Not a Phone (iPod Touch)

I haven’t had a cell phone for several months now and I don’t miss it one bit. When I did have a phone, I didn’t care enough to keep track of it (or would purposely leave it at home); when I did have it in my possession it was rarely charged. My closest friends and family knew the best way to get a hold of me was to send an email – if I didn’t answer within a few hours, I didn’t want to be found.

iPod Touch

iPod Touch

As much as I hate phones, particularly of the mobile variety, I began to envy those who could use their phones to do everything from jot notes to tweet to check email; I even missed being able to text. There are even a few situations when I need to be out and about but reachable (like this week, at the SkillsUSA National Conference, where texting is best way to track down missing students). So I decided I needed some sort of mobile device that was smaller than a laptop but could be used to send text messages. Enter the iPod Touch.

I have had my iPod Touch for less than 48 hours, but am completely enamored with it. Here’s what I love about Gnada (That’s my iPod’s name. More on my device naming later):

  1. Keeping Connected – I have my iPod set to sync with my Gmail, Google Calendar, and Contacts. I particularly like that new emails are pushed to my iPod as soon as I get an internet connection.
  2. Texting - I think that texting is one of the best communication methods. Texting is unobtrusive, short, and quiet.
  3. Evernote gone mobile - Evernote is one of my favorite productivity tools – it is the external hard drive to my brain. I use Evernote to remember code snippets & command, record titles of books to read or movies to see, collect recipes, take notes at seminars, and anything I will probably forget. Being able to do this on-the-go is even better. I even paid $9.95 for the software upgrade necessary for the new Evernote app.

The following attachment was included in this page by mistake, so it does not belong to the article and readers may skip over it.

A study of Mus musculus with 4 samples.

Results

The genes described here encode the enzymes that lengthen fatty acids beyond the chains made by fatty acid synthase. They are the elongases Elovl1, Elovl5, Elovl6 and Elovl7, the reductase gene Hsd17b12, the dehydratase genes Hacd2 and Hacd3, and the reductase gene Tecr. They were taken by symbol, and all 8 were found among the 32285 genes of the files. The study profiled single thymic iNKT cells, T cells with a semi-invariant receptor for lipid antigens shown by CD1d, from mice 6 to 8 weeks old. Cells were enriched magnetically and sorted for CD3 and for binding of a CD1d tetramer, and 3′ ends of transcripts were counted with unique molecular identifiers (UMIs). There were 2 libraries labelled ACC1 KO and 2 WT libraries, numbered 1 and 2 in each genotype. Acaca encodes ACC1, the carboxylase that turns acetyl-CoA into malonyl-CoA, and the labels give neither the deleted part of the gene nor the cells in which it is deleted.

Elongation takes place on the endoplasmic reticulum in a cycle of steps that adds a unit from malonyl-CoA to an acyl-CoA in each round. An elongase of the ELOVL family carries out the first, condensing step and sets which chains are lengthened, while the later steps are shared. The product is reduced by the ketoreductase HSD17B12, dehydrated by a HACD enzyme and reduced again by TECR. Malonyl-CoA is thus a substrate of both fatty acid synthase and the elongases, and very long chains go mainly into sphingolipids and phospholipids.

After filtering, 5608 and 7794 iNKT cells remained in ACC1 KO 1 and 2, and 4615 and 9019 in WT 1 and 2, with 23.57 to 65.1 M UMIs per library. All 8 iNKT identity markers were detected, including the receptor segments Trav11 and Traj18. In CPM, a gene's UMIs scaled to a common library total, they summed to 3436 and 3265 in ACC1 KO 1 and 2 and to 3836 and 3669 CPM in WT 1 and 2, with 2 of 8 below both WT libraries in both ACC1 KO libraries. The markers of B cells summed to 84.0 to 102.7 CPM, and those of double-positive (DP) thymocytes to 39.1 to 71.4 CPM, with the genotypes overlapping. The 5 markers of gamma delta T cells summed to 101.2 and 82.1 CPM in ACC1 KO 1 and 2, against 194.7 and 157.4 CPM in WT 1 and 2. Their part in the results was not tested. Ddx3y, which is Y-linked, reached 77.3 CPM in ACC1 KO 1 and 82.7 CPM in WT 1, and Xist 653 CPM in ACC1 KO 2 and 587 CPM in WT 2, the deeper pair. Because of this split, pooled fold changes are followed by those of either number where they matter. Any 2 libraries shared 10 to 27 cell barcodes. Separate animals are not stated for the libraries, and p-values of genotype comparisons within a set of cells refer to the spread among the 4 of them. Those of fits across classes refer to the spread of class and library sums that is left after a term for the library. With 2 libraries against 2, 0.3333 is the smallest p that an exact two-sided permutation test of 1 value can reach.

4. Offline Reading - Thanks to Read It Later, I always have a list of webpages to read, and now I can use my iPod to download pages to have reading material available regardless of wifi availability. Eventually I will learn how to use the iPod as an e-book reader too.
  5. Social Networking – Having access to Twitter and Facebook more often means I have less catching up when I do finally have a moment to sit at my computer.
  6. It’s not a phone – People still can’t call me.

As much as I love my iPod, there are already a few (okay, two) things I wish it had/could do. Granted, I could have these features with an iPhone, but I simply can’t afford a monthly plan right now, so instead I shall wish for a iPod that can:

  1. Access a 3G network (I’d even pay a monthly fee, just not $70/month!)
  2. Take pictures and video.

The funny thing is that I don’t have any music on Gnada yet, and I haven’t decided if I will even put music on it – I already have iPod that stores my entire music collection, so I may just save all 8GB for data.

Already have an iPod Touch? I’d love to hear any tips you may have, especially suggestions for apps to install.


  1. There's a nice combination of apps you can use. I like to divide them between ones I can use with an internet connection and ones I can use without a connection.

    If you like reading, use Stanza. You can download free Project Gutenberg titles, and find other free book downloads. You can pay for some as well. Books are always with you.

    If you use Google Docs, you can view and download locally on your Ipod using MiGhtyDocs.

    If you like music online, you can try Pandora (online only).

    You can make your Ipod Touch into a phone by downloading Skype (people can't call you on it, but you can call them.) You have to pay for Skype though, but it's cheaper than $70.

    WiFinder is good to find wifi locations in your area.

  2. Thanks for the suggestions, Jeff. MiGhtyDocs was one of the first apps I downloaded; it is so convient to have mobile (and even offline) access to my documents. I'll be sure to check the others you've listed - Stanza and WiFinder sound particularly useful.